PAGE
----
I will be out of the country (Egypt, that is) through the new year, and for the duration away from computers and screens and Internet connections, insha’allah.
It was October when Bahaa Taher’s Sunset Oasis—the prize’s inaugural (2007-2008) winner—appeared in English. If you’ve read the blog before, you know it’s not the book I would’ve chosen as the 2007-2008 winner, but it’s still Taher and still worth reading. You can read my review on TQC if you’re so inclined.
In November, the 2009-2010 longlist came out, featuring 16 books culled from a list of 115 eligible submissions.
A shortlister from the inaugural year, Mekkawi Said’s Cairo Swan Song, appeared in English in early December from AUC Press.
Then, on December 15, at the Beirut (Arab) Book Fair, the shortlist of six was announced: Mansoura Ez Eldin’s Beyond Paradise (more about Ez Eldin) , Muhammad Al Mansi Qindeel’s A Cloudy Day on the West Side (more about Al Mansi Qindeel), Rabee Jabir’s America (more about Jabir), Abdo Khal’s She Throws Sparks (more about Abdo Khal), Raba’i Madhoun’s The Lady From Tel Aviv (more about Madhoun), and Jamal Naji’s When The Wolves Grow Old (more about Naji).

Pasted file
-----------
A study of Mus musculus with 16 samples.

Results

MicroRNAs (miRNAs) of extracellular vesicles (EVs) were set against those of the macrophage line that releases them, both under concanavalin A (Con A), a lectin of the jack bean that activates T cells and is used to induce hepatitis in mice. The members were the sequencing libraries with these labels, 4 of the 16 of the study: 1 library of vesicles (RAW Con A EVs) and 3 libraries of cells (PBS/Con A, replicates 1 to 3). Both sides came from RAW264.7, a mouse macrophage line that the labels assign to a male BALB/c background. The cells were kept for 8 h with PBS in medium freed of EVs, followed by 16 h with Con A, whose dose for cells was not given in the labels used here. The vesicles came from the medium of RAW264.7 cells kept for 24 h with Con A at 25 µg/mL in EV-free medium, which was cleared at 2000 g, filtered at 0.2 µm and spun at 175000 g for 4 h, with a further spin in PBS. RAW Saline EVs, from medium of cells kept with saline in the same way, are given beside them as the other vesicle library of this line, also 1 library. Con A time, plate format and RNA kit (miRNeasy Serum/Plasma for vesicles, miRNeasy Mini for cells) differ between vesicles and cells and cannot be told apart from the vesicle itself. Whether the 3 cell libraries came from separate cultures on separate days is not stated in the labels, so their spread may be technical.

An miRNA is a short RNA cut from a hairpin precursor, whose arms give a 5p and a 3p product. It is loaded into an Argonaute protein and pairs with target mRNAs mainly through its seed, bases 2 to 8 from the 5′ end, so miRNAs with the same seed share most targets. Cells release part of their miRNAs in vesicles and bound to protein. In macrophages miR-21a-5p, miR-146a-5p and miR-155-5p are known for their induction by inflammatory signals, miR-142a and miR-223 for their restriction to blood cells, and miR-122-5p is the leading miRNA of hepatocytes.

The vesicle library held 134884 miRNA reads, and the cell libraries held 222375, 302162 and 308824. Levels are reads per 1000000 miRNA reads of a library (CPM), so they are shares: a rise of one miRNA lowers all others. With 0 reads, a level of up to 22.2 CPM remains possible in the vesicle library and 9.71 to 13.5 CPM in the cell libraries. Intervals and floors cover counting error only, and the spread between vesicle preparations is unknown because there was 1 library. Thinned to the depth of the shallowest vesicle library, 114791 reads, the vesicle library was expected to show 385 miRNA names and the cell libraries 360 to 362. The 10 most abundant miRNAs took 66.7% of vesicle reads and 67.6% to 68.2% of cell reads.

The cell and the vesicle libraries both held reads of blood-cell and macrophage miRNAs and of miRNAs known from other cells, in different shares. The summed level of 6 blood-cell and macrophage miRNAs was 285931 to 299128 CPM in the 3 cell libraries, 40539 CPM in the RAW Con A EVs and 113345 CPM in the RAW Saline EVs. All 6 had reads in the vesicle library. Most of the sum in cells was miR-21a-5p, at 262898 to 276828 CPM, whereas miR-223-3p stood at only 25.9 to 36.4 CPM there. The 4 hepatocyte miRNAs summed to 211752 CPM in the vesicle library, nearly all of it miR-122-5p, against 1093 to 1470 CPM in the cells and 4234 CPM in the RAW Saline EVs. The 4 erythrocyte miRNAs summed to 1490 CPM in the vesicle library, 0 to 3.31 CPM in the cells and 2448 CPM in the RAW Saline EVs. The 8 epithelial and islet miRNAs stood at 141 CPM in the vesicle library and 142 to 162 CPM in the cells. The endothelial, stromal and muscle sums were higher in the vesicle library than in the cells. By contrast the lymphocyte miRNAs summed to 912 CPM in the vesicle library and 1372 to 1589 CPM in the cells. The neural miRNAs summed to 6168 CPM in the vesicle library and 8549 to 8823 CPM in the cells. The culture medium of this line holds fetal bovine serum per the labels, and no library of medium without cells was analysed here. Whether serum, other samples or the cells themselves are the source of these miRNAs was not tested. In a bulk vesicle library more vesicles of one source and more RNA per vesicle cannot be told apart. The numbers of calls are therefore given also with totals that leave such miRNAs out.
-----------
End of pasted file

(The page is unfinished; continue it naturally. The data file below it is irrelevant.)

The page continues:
That day, one of the judges—Dr. Shereen Abu el Naga—resigned from the panel, citing a lack of discussion between panelists.
Abu el Naga did not mention an gender issues. However, this was the third year running that there was only one woman on the IPAF shortlist. A few days after the list was announced, Susannah Tarbush explored possible reasons for the one-woman phenomenon and other IPAF shortcomings.
The book I chose to have (retroactively) won the inaugural IPAF, Sonallah Ibrahim’s Stealth, will be out in February 2010 from Aflame Books.
The winner of the 2009-2010 Arabic Booker is set to be announced on March 2, 2010, the opening day of the Abu Dhabi Book Fair. Despite financial troubles in the Emirates, this still promises to be quite a glittering affair, featuring such famous faces as Ben Okri, Margaret Drabble, and Ahdaf Souief.
Youssef Ziedan’s Azazeel (the winner of the 2008-2009 IPAF) should be out in spring 2010 from Atlantic Books, according to Tarbush, insha’allah.